This latter was a surprise to me, when I first heard it, because I tried to figure out its meaning from the root I knew, and wondered why my boss would want to have an “yearly appraisal”: why would we meet one-on-one once a year, to give him the opportunity to praise my work? Or was it working the other way around, was I supposed to give him praise?

Anyway, with that anecdote out of the way, the question is: can this evolution in meaning, from a common Latin root, be traced through history? Can we know (or guess) when the meanings started to diverge?


up vote 7 down vote accepted

The OED writes that appraise appeared after praise, and was "for some time, contemporaneously, used in same sense". Further, in the entry for praise they mention:

The late survival of sense 5 probably results from association with appraise v., as though it were an aphetic form of this word.

This mentioned sense is:

To estimate or fix the monetary value of; to fix the price of (something for sale); to appraise.

This meaning of praise--which coincides with appraise's modern meaning--is one of the oldest meanings of the word. Tracing back the historical usages from the OED, the path is something like this:

  • 1230: "to express warm approbation of" (transitive)
  • 1250: trans. To value, esteem; to attach value to; = prize v.1 2. Obs.
  • 1280: trans. To estimate or fix the monetary value of; to fix the price of (something for sale); to appraise. Cf. prize v.1 1. Also intr. Obs. (Eng. regional in later use).
  • 1300: In infinitive used predicatively with passive meaning: to be praised; deserving of praise; praiseworthy (now rare)
  • 1330: To express approbation; to bestow praise (intransitive)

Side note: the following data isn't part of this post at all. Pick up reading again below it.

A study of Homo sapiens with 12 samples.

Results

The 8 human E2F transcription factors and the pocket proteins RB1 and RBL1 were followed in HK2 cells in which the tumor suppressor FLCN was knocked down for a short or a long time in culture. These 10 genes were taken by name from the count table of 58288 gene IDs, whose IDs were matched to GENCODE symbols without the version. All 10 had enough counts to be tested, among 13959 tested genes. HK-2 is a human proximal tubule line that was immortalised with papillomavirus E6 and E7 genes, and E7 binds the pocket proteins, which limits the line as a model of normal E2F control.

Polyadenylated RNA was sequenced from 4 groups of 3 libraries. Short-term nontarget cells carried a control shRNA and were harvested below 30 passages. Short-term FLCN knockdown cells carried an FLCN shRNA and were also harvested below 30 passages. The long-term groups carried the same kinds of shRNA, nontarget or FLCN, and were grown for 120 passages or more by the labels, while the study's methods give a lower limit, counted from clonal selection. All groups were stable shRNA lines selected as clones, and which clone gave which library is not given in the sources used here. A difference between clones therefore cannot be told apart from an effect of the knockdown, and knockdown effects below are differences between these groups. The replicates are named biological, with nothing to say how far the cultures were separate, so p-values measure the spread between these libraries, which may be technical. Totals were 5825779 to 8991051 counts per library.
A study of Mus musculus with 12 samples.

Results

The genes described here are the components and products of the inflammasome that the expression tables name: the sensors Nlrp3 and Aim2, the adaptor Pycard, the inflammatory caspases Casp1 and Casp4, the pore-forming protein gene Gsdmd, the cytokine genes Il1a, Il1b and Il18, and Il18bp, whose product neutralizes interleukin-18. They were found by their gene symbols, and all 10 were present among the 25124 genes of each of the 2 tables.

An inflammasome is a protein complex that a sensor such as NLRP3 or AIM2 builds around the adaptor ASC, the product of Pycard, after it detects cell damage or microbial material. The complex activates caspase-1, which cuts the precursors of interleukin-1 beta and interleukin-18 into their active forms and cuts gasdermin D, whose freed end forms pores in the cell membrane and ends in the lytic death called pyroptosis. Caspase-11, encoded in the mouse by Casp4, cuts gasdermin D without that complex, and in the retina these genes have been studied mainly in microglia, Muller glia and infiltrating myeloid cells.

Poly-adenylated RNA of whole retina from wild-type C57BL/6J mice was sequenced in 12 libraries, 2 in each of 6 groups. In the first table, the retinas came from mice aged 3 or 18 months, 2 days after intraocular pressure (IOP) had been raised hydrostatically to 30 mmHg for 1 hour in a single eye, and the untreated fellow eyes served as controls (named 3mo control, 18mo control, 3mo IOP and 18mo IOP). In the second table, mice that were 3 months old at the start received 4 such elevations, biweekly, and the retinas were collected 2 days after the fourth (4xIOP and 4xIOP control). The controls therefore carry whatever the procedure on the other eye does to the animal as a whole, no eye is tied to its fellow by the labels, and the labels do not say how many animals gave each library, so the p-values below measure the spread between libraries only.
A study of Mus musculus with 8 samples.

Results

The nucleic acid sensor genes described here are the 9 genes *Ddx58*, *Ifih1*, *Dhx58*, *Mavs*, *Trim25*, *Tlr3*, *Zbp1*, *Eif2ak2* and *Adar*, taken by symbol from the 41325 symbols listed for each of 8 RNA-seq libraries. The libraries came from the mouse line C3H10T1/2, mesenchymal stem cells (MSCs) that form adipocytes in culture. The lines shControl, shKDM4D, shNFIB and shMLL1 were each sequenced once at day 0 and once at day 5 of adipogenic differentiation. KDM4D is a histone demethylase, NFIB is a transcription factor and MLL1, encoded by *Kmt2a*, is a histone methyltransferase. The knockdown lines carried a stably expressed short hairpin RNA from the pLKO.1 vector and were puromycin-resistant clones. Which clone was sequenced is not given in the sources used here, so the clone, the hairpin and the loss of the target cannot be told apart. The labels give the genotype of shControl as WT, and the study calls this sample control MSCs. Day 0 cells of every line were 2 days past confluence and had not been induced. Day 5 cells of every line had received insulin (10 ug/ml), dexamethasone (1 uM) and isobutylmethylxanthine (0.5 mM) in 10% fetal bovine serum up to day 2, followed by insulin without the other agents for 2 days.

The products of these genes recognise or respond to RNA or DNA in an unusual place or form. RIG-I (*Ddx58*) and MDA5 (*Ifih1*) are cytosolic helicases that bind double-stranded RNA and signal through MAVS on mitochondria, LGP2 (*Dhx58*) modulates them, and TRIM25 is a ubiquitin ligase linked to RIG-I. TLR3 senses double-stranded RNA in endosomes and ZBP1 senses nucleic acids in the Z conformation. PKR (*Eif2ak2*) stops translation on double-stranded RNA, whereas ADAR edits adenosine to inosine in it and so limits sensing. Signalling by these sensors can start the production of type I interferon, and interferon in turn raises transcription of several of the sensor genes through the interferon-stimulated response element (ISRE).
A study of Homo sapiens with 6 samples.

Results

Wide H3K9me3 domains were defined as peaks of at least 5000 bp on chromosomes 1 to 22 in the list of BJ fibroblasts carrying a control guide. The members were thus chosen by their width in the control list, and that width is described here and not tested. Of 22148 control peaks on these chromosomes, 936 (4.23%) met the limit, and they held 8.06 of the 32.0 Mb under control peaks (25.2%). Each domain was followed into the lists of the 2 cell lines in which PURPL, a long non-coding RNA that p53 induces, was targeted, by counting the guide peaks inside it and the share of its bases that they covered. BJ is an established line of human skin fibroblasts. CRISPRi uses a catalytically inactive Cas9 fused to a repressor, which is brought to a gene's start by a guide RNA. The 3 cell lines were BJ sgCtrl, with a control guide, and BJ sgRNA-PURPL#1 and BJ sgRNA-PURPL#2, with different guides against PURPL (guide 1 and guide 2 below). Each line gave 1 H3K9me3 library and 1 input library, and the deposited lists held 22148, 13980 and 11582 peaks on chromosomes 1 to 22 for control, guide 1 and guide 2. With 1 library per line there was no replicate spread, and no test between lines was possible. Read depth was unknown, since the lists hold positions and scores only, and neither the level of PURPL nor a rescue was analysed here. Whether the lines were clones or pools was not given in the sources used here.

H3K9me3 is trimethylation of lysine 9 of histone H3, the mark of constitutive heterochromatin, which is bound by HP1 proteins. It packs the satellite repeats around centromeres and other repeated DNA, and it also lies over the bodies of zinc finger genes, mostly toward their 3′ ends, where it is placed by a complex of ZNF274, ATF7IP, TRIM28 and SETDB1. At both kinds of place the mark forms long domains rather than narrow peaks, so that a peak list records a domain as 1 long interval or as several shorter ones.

• 1382: trans. To glorify (a deity, a venerated person, etc.), esp. through ceremony, ritual, song, or prayer; to sing the praises of.
  • 1601: trans. To cause (a person or thing) to be praised; to reflect praise or honour on

As you can see, in one of its earliest senses, praise was equivalent to the modern appraise. According to the OED, appraise was first used in 1535. This coincides with the last known uses of praise in this form--marked as 1590 (in reference to the value of something) or 1724 (in reference to a monetary value). I would say that in this time range, the current definition of "appraise" started to shift away from praise. Perhaps once the word appraise was coined, praise was starting to lose the same meaning--thus shifting it from one word to another in order to express the same sentiment.

Finally, the first known use of appraisal to refer to the evaluation of an employee was in 1955.


early 13c., pris, from O.Fr. pris "price, value, wages, reward," also "honor, praise, prize" (Fr. prix), from L.L. precium, from L. pretium "reward, prize, value, worth," from PIE *preti- "back," on notion of "recompense" (cf. Skt. aprata "without recompense, gratuitously," Gk. protei "toward, to, upon," Lett. pret "opposite," O.C.S. protivu "in opposition to, against"). Praise, price, and prize began to diverge in O.Fr., with praise emerging in M.E. by early 14c. and prize being evident by late 1500s with the rise of the -z- spelling. Having shed the extra O.Fr. and M.E. senses, the word now again has the base sense of the L. original.

According to Google Dictionary, appraisal is based on value. Praise is also based on a (positive) valuation of someone or something.